President of France, Emmanuel Macron, has announced the relaxation of rules for the declassification of documents related to the Algerian War (1954-62) in a move to reconcile with its colonial past and improve relations with its former colony.
The war, which resulted in the independence of the North African nation had huge ramifications in both Algerian and French history, with several atrocities and war crimes being committed by both sides in a conflict that influences relations between the two countries to this day.
The new measures speed up the process for researchers to access the documents. Previously, archives of the French state required a minimum of 50 years to be declassified unless they were deemed sensitive and could compromise someone’s security. The proposal is not limited to documents from the Algerian War but also extends to all state documents before 1970, which would include information about the Air France flight 1611.
The idea to allow the public to access the documents from the controversial war in Algeria was suggested by the Algerian-born historian Benjamin Stora. The issue was also addressed by an open letter by French historians to the Le Monde newspaper.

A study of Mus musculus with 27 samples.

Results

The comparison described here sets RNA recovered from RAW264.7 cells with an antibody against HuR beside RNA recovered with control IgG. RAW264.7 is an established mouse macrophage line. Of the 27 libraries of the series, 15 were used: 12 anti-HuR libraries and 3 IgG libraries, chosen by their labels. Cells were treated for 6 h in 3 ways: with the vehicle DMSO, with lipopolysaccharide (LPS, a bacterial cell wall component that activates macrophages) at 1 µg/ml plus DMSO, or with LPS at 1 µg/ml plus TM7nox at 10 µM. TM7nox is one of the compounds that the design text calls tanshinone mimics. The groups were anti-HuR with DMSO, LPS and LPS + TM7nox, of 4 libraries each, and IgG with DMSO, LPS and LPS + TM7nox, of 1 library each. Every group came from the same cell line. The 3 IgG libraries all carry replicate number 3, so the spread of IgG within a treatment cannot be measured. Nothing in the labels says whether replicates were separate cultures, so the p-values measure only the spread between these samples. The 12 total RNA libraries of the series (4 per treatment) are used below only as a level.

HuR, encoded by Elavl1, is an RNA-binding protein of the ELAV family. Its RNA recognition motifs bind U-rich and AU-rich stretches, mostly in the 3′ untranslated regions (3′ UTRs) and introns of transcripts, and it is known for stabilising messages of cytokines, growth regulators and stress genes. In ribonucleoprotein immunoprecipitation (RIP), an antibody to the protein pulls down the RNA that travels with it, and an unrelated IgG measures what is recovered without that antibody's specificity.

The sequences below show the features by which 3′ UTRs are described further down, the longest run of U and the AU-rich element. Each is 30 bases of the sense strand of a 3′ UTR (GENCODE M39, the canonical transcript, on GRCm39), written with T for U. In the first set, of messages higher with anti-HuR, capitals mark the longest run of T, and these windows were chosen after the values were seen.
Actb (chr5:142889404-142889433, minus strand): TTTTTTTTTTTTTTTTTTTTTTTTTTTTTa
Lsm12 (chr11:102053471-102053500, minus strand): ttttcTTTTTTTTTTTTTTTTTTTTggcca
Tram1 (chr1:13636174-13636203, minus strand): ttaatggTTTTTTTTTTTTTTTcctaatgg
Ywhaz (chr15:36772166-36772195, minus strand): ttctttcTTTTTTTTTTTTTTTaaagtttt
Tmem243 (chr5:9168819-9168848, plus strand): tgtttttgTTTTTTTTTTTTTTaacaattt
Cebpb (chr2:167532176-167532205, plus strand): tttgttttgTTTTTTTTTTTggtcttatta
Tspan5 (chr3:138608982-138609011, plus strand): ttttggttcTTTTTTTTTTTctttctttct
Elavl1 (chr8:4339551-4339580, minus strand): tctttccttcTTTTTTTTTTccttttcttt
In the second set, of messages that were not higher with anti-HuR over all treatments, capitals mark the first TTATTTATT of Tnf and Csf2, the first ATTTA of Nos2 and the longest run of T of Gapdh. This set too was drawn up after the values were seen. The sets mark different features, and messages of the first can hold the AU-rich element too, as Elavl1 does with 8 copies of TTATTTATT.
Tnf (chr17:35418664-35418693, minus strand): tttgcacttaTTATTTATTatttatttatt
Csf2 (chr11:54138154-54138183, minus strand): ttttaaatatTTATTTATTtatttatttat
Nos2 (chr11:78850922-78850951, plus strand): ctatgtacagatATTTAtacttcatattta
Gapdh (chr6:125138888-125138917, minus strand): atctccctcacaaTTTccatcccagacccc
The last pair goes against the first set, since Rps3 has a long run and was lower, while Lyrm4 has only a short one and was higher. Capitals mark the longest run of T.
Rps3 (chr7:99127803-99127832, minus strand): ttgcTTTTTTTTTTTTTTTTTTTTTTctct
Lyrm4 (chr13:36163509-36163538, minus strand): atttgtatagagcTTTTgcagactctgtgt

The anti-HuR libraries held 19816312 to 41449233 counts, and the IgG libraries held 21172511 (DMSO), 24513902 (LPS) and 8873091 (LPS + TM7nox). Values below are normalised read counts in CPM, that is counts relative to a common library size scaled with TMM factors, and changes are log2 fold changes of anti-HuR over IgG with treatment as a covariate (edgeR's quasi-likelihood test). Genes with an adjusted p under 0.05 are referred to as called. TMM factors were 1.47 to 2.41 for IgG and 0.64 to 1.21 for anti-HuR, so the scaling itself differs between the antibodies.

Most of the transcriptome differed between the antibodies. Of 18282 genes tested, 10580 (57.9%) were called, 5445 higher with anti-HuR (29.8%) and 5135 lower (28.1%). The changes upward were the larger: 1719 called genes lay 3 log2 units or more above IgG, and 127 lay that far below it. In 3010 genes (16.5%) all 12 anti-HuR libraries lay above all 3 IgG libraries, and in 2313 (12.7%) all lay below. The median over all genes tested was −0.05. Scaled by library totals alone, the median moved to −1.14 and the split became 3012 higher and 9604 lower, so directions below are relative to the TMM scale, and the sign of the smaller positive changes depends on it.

This move comes after a few weeks from Macron’s admission that Algerian independence fighter, Ali Boumendjel, had been tortured and killed by French troops in 1957. In 2018 Macron also adimitted of systematic use of torture by the French army during the conflict.
The legislation containing the changes is yet to be written and proposed to the government but it is widely expected to be passed by the end of summer 2021.